Moving and shaking: JBBBSLA, Janice Kamenir-Reznik steps down and more
Jewish Big Brothers Big Sisters of Los Angeles (JBBBSLA) CEO Randy Schwab appeared at the organization’s centennial at the Petersen Automotive Museum on Feb. 4, dressed appropriately for the venue by wearing a jacket once donned by Hollywood icon Steve McQueen.
The event raised more than $650,000, according to Laurie Feldman, vice president of development at JBBBSLA; drew 470 attendees, including JBBBSLA Board Chairman Brian Appel; and honored 2016 Big Brother of the Year Aaron Cohen, Big Sister of the Year Tanya Rabie and JBBBSLA board member Daniel Dworsky, who accepted the organization’s Legacy Award.
The honorees each boast longstanding commitments to the organization, which, according to its website, oversees Camp Bob Waldorf on the Max Straus Campus, a residential camp and retreat center in Glendale. It runs “community-based mentoring programs, offers college scholarships” and more.
Dworsky, an architect, joined the JBBBSLA board of directors in 1994; JBBBSLA board secretary Cohen became a Big Brother in 2006; and Rabie, who became involved in 2009, remains close with the then-9-year-old she was paired with upon beginning work with the organization.
According to a press release, the event celebrated “the past 100 years and envision[s] the next century of helping children and young adults in the Los Angeles community.”
The Jewish Federation of the Greater San Gabriel & Pomona Valleys honored Lisa Feldman with the Professional of the Year Award and Josh Pais with the Volunteer of the Year Award, on Jan. 10, at Pasadena Jewish Temple and Center (PJTC).
From left: Former L.A. County Supervisor Zev Yaroslavsky, Weizmann Day School Head of School Lisa Feldman and Jason Moss, executive director at the Jewish Federation of Greater San Gabriel & Pomona Valleys. Photo by Debrah Lemmatre
Feldman is head of school at Weizmann Day School, a Jewish day school in Pasadena, and Pais has been active in the leadership of the Jewish Federation of Greater San Gabriel & Pomona Valleys. Both honorees are members of PJTC, a Conservative congregation in Pasadena.
The event also marked the installation of the Federation’s newest board members and governors, with outgoing Federation President Stuart Miller discussing the “State of the Jewish Federation,” according to jewishsgpv.org. Marcia Alper became president on Jan. 10.
Additionally, event keynote speaker and former L.A. County Supervisor Zev Yaroslavsky presented a talk titled “Reflections on 40 Years in L.A. Local Government.”
Although it was not a fundraiser, the event garnered $1,284 in donations for Weizmann Day School and more than $2,500 for the Jewish Federation of the Greater San Gabriel & Pomona Valleys. The amount of funds raised for the PJTC Sisterhood was not immediately available.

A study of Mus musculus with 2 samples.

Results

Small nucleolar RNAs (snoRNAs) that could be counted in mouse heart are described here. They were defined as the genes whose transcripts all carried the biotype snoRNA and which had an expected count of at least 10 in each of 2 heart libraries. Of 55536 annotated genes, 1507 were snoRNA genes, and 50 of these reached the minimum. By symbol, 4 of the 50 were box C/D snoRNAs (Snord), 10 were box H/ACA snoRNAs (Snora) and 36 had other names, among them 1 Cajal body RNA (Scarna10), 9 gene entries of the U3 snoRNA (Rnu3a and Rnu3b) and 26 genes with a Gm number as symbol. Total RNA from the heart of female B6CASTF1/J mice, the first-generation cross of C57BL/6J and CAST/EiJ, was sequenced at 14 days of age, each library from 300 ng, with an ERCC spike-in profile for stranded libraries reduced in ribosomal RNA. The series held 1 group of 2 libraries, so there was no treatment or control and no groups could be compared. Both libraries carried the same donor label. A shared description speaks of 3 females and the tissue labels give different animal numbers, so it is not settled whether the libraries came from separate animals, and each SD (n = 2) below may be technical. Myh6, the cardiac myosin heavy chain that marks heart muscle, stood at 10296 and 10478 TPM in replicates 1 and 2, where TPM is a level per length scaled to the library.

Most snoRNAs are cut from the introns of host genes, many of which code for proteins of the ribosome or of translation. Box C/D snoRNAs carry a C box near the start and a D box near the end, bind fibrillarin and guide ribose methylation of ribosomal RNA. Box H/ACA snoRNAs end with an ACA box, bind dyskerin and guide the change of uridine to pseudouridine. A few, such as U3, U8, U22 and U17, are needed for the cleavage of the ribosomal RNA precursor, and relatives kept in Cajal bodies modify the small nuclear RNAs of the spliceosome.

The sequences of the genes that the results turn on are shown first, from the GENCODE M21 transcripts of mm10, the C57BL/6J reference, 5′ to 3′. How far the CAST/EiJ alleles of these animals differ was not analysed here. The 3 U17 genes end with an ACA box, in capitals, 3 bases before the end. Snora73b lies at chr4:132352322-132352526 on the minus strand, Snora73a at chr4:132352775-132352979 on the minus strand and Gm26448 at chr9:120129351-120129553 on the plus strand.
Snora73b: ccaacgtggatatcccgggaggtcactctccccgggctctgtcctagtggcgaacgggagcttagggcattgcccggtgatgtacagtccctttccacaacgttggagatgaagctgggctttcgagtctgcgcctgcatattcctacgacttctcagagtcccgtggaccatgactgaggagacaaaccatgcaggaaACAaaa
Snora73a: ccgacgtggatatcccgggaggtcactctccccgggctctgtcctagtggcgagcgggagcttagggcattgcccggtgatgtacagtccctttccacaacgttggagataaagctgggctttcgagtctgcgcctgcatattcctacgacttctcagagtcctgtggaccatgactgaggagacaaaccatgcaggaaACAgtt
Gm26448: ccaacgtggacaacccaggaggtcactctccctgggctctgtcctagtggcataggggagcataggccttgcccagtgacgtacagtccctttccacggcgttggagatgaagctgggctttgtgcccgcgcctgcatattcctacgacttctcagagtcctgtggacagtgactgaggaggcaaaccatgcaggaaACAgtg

A total of 170 people turned out for the gathering.
The event also honored Gabrielino High School senior and Temple Beth David member Benjamin Schwartz, 17, with the Kimberly Dawn Ellis Memorial Scholarship Award, presented to him by Jason Moss, executive director of the Jewish Federation of Greater San Gabriel & Pomona Valleys.
Nolan Lebovitz has been named rabbi at Conservative Westwood congregation Adat Shalom. He has been serving as the congregation’s rabbinic intern and sole spiritual leader since Sept. 1, 2015.
Adat Shalom Synagogue's Nolan Lebovitz. Photo courtesy of Nolan Lebovitz
His upgraded and expanded role will become official June 15, and he begins in the role on July 1.
“With much gratitude, I have accepted the position of rabbi at Adat Shalom Synagogue in West L.A. My family and I felt the synagogue’s warmth and love from our first Shabbat here. … I look forward to serving the community for years to come,” he said in an email to the Journal.
Lebovitz, who is from Chicago, is a rabbinic student at the Ziegler School of Rabbinic Studies at American Jewish University. His ordination will take place May 16. He previously served as an intern at Sinai Temple and, perhaps unusual for a rabbi, is a graduate of the USC School of Cinematic Arts, formerly USC School of Cinema-Television. He is the creator of the documentary film “Roadmap Genesis.”
Jewish World Watch (JWW) President Janice Kamenir-Reznik announced plans on Feb. 8 to step down from her leadership position with the organization devoted to fighting genocide.
“In January, I informed the Board of JWW that I would be stepping down as Board Chair in order to run for [a] California State Senate seat. As many of you know, my heart has been with JWW since I co-founded the organization with the great Rabbi Schulweis (z”l) in 2004. My heart will always remain with JWW,” she said in a statement.
Succeeding her is current JWW board member David Straus, CEO of rights-tracking specialist Critical Mass Studios, according to the announcement.
David Straus. Photo courtesy of David Straus
The organization, led by 21 board members, is undergoing several leadership transitions. Diana Buckhantz, Vaughan Meyer and Zev Yaroslavsky, who are all current board members, “have each agreed to serve as vice-chairs,” according to the statement.
Kamenir-Reznik has led the board for the past 11 years. Under her leadership, JWW has gained recognition for its work in far-reaching corners of the world, including in the Democratic Republic of Congo, Sudan and elsewhere. Recently, the organization has worked to educate the public about the Syrian refugee crisis and raise funds for agencies offering aid to those impacted by the crisis.